The future of the Great Barrier Reef in the face of climate-induced coral bleaching is of grave concern. A panel of experts will discuss what can be done to slow or prevent alarming rates of mass coral bleaching.
The Great Barrier Reef is once again in trouble, research co-authored by University of Sydney marine biologists has confirmed.
Published in the prestigious journal Nature, the study was conducted by a team of over 40 researchers and detailed the devastating impacts of three mass coral bleaching events – in 1998, 2002 and 2016.
The Sydney Environment Institute and Greenpeace Australia Pacific will bring the researchers together at the Sydney Ideas event, Global Warming and the Mass Bleaching of Corals on 31 March. The expert panel will present the research findings – and discuss what action we can take to slow or prevent coral bleaching.
Key Researcher at the Sydney Environment Institute, Professor Maria Byrne will join Professor Terry Hughes to discuss their research findings.
Professor Byrne led the research team that monitored and mapped the southern Barrier Reef, at One Tree Island. The area had a “lucky escape” after wind, cloud cover and rain from ex-cyclone Winston kept the waters cool.
“Who would have thought that we would be looking to cyclones to rescue reefs from the worst of the intense warming that accompany El Niño events?” Professor Byrne said.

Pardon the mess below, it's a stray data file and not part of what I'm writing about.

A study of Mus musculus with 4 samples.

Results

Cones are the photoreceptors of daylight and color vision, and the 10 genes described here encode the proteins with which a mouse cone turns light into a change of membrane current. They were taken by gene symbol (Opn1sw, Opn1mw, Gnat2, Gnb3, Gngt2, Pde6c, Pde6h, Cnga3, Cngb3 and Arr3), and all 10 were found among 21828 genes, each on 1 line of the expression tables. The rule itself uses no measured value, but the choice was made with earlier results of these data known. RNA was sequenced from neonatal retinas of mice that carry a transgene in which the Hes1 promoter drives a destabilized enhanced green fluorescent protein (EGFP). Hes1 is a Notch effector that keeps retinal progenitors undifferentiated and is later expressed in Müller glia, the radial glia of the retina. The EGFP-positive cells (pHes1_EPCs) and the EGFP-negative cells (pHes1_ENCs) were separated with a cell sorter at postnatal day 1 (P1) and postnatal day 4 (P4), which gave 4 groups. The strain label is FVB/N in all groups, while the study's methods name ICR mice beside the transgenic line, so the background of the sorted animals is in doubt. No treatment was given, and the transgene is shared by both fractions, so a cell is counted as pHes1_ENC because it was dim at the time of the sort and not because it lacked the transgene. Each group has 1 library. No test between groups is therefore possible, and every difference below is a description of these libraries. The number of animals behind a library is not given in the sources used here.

However, other areas of the Great Barrier Reef were not as lucky: the research team found that last year’s coral bleaching event was the worst on record, with around two-thirds of coral along a 700km stretch north of Port Douglas lost.
Improving water quality and other remedial measures can assist coral health, but they are futile if the corals are already dead. Surely this is the clarion call the country needs.
Joining Professor Byrne and Professor McCalman on the panel, will be David Ritter, Chief Executive Officer, Greenpeace Australia Pacific.
"The great bleaching of the Great Barrier Reef that took place last summer has now been followed by a second consecutive mass bleaching event, both driven by global warming,” David Ritter, Research Affiliate with the Sydney Environment Institute, said.
“Yet governments are still supporting the opening of new fossil fuel reserves - including the Carmichael mine in Queensland, which would be a disaster for the Reef.
“This Sydney Ideas event - featuring some eminent experts in the field - could not come at a more important time for our Reef."
Sydney Environment Institute is a cross-disciplinary research hub at the University of Sydney, which provides a platform to inform public discourse and decision-making in relation to the impact of climate change on society and the environment.